Those conclusions prompted criticism from legislators who noted that the numbers differ from a 2011 report done by Spectrum on behalf of Genting’s Resorts World Miami. The company was aggressively attempting to persuade the Legislature to open the door to three resort casinos in South Florida and predicted they would draw at least 20 percent of customers from out of state.
At the time, Genting promised it would guarantee nonstop flights between Asia and Miami for high-rollers, purchase thousands of Disney tickets for resort patrons and draw thousands of new tourists to Florida.
“We only market to people who already have loyalty cards with other casinos,” Colin Au, president of Genting Americas, said in a 2011 interview with the Herald/Times. “Other than that, we get zero money from the local people. It is not a sustainable model in the long run.”
Pollock responded that the report didn’t take into consideration the aggressive marketing options suggested by the gaming companies.
Those distinctions prompted some legislators to doubt the report.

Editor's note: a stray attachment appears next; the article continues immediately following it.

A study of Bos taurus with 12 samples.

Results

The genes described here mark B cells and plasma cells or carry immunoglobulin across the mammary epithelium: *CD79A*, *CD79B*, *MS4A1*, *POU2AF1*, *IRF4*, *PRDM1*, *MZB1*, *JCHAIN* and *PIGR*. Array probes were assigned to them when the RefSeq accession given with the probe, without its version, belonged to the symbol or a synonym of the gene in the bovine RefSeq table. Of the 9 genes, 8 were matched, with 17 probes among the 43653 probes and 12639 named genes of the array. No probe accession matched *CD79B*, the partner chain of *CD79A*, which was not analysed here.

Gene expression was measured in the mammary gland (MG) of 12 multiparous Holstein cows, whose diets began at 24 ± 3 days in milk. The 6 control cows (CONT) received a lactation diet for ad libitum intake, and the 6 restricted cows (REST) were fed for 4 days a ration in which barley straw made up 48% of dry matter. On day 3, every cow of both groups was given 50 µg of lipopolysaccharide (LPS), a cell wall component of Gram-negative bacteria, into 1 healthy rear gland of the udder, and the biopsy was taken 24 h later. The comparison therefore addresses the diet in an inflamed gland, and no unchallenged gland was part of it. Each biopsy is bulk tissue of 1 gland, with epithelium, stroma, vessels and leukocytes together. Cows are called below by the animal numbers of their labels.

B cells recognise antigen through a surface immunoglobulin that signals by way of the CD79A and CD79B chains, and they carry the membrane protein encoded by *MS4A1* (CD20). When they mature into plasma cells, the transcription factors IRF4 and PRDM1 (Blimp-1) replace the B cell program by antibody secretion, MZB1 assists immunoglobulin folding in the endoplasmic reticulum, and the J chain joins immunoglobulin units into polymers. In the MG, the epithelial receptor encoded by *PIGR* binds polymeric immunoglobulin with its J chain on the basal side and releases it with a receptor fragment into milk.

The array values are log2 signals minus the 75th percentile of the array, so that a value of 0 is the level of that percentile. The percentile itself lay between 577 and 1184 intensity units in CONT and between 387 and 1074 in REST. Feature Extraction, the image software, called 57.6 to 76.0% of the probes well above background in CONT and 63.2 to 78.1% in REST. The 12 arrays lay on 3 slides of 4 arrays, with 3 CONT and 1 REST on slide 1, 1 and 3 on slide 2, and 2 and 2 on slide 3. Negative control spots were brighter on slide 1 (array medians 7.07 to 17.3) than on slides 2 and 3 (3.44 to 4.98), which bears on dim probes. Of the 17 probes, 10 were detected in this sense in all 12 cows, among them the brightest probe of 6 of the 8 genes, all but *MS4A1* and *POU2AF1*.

“There are some real issues about credibility of this report,” Sen. John Thrasher, R-St. Augustine, said after the meeting.
The Spectrum researchers told the committee that Florida’s failure to regulate gaming in the past two decades has effectively allowed the expansion of gambling, and the best time to control it is before expansion is allowed.
“Will the Legislature guide the future of gaming or be guided by it?” asked Pollock, Spectrum’s managing director.
It’s a premise that John Sowinski, spokesman for No Casinos, challenges.
“Because your plumbing is bad, doesn’t mean you tear down the house,” he said. “There’s a lot of things that need to be fixed.”
Spectrum has close ties to the gaming industry and has done work for the states of Pennsylvania and Massachusetts and performed three modeling exercises to determine what effect expansion of gambling would have on the state economy. Because of incomplete analysis, the company is revising its report to include updated numbers on the potential tax revenue from expanded games, Pollock said, and the new numbers will not affect the conclusion that expanded gambling will have a modest impact.